County planning commissioners boarded a bus in Castaic, headed north of Gorman and got their first look at a plot where more than 19,000 new homes are being planned as the Centennial project.
The “field trip” was called in advance of a public hearing scheduled for March 21, when the public can weigh in on the Centennial housing project—one of the state’s largest housing developments currently in the works.
The houses are slated for a patch of undeveloped land between Gorman and Neenach, not far from where Interstate 5 meets Highway 138.
“The purpose of the field trip was to provide the commissioners with an opportunity to visit the site before their upcoming public hearing,” Mitch Glaser, regional planning spokesman, told The Signal on Wednesday. “During the field trip, the commissioners did not ask questions or otherwise deliberate on the project.”
That discussion, he added, is expected to take place at the hearing.
(Click here for a link to the available documents.)
The Centennial Specific Plan Project sits on 12,323 acres just south of the Kern County line. It is expected to accommodate 19,333 homes on about 4,987 acres set aside for residential uses.
About 7.36 million square feet will be taken up by a business park—housing office, research and development, and warehousing or light manufacturing—on close to 600 acres.
More than one million square feet are to be used for stores on slightly more than 100 acres.
Land set aside for schools, medical facilities, libraries and “other civic uses” is expected to take up more than 1.5 million square feet on 110 acres.
The project also calls for four new fire stations and one new sheriff’s station.
It includes two wastewater reclamation facilities for the tertiary treatment of all wastewater generated by project uses. Recycled water from the plants is slated to be used for irrigation.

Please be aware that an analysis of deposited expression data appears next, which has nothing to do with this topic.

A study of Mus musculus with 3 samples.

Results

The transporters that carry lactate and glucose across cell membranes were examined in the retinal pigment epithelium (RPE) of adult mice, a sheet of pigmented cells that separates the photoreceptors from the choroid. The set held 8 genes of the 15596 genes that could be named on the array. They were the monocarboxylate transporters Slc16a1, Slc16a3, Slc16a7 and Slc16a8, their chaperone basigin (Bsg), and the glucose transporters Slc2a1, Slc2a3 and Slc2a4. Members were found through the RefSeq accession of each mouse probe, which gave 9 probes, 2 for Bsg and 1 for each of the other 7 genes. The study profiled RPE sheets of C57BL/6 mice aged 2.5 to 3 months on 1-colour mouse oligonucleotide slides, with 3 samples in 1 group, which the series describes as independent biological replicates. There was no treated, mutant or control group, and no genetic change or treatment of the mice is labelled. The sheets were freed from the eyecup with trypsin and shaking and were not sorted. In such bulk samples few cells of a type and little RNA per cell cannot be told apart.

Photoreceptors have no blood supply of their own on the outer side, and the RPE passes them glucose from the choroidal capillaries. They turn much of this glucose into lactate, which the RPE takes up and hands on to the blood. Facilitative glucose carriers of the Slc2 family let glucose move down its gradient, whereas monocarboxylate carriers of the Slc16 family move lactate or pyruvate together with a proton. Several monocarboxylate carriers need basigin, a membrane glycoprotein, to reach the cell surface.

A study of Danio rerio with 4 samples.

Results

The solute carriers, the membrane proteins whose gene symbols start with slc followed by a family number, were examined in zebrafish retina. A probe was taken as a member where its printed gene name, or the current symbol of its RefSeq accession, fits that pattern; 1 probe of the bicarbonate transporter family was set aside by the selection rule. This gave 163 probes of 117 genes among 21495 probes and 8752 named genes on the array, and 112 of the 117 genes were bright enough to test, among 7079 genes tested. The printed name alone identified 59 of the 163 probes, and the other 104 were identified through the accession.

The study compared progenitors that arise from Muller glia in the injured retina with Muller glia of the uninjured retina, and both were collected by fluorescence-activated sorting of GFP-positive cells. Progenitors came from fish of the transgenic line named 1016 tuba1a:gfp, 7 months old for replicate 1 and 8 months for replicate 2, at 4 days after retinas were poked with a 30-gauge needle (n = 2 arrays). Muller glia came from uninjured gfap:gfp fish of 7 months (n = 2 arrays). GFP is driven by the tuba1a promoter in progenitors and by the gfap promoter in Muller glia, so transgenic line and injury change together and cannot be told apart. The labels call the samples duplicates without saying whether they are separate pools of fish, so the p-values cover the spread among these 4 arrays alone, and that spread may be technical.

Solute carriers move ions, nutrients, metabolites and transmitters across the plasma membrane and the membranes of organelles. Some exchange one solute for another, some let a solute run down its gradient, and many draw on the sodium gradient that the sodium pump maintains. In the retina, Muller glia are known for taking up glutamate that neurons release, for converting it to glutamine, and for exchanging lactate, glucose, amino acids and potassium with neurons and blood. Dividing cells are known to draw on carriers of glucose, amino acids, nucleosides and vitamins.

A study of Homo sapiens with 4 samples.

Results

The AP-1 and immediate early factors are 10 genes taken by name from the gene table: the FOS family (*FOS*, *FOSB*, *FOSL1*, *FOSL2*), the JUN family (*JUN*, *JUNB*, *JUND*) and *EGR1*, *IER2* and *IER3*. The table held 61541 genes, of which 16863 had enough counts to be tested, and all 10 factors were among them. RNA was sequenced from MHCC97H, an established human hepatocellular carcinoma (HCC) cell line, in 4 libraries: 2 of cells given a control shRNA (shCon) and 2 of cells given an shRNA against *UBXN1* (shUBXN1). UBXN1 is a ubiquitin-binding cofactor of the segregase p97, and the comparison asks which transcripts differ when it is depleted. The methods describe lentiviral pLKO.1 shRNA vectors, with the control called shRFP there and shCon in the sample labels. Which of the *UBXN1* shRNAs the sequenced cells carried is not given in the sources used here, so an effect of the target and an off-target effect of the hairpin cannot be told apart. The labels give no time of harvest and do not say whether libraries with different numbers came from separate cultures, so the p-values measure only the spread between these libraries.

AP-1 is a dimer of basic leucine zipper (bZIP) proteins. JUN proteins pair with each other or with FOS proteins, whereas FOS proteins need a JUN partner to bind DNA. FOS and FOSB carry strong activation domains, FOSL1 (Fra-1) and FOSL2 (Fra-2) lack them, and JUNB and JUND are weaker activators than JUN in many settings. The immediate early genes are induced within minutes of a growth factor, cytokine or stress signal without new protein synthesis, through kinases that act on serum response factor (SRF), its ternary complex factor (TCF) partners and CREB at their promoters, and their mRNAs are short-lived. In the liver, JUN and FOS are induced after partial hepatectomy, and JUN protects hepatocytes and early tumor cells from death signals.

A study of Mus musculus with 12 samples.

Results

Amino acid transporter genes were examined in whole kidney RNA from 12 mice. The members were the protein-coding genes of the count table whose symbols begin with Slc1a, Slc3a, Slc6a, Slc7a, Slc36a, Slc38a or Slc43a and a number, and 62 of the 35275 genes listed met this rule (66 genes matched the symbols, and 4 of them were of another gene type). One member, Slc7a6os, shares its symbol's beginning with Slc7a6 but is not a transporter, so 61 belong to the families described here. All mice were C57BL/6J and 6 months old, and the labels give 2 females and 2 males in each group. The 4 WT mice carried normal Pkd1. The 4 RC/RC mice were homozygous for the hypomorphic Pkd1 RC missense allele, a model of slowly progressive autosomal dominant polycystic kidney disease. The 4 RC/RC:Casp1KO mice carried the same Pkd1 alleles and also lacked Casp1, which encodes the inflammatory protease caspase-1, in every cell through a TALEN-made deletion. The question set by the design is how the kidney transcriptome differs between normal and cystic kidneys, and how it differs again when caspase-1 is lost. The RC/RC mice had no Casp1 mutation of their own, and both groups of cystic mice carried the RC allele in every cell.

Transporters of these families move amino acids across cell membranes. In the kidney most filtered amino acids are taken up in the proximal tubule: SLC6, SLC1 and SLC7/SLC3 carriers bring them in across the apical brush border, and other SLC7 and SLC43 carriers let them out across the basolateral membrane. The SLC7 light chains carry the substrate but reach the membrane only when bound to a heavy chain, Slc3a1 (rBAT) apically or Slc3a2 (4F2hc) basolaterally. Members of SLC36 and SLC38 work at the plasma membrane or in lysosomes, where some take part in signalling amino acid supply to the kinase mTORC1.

In terms of preserving the natural scenes commissioners looked at during the tour, the project promises to keep 5,624 acres of onsite open space.
At 10 a.m. Wednesday, as commissioners boarded the Mercedes-Benz bus parked outside the Castaic Library on Sloan Canyon Road, they were given an itinerary of their tour, which included six key stops to help them visualize how 19,000 homes would transform the area.
Their tour guide was developer Greg Medeiros, vice president of Centennial Founders LLC, a former senior vice president of Newhall Land and the applicant pitching the project to Los Angeles County commissioners.
The first stop on the tour was at Oso Canyon, awarding commissioners a chance to take in open space and weigh it against the “clustering of residential units with connection to amenities,” according to the itinerary.
Next stop, scheduled for 11:30 a.m., took commissioners to a desolate intersection on Highway 138 at 300th Street, not far from Neenach. From here, it was hoped that commissioners would focus on the land in front of them and visualize the services needed to make the project work.
Stopping at the Tejon Ranch Water Bank, near the intersection, was stop No. 3 and a chance to assess the most fundamental aspect of the project—water availability.
Commissioners were asked at this point to focus their attention on considerations for water sustainability and supply.
Tour stop No. 4 was the Oso Pumping Plan Road, which allowed the group to view the relatively sparse existing infrastructure and visualize “future project infrastructure.”
The group then made the 36-mile return journey south on Interstate 5, through the Grapevine and back to Castaic.
Traffic concerns regarding 19,000 new homeowners traveling through the Grapevine and meeting up with 21,000 homeowners traveling the same stretch of highway from Newhall Ranch is a subject planning commissioners are expected to address at the public hearing.
“When the Draft Environmental Impact Report was circulated last year, Regional Planning staff received comments regarding potential traffic impacts, including increased traffic on Interstate 5,” Glaser told The Signal Wednesday. “The Final Environmental Impact Report will include responses to these comments.”
The developer’s final report on perceived impact the project would have on the environment has not yet been released to the commissioners, or the general public, Glaser said.
“However, the (report) will be provided to the Commissioners prior to their upcoming public hearing,” he said. “The (report) will also be posted on Regional Planning’s website and hard copies will be available at several county libraries.”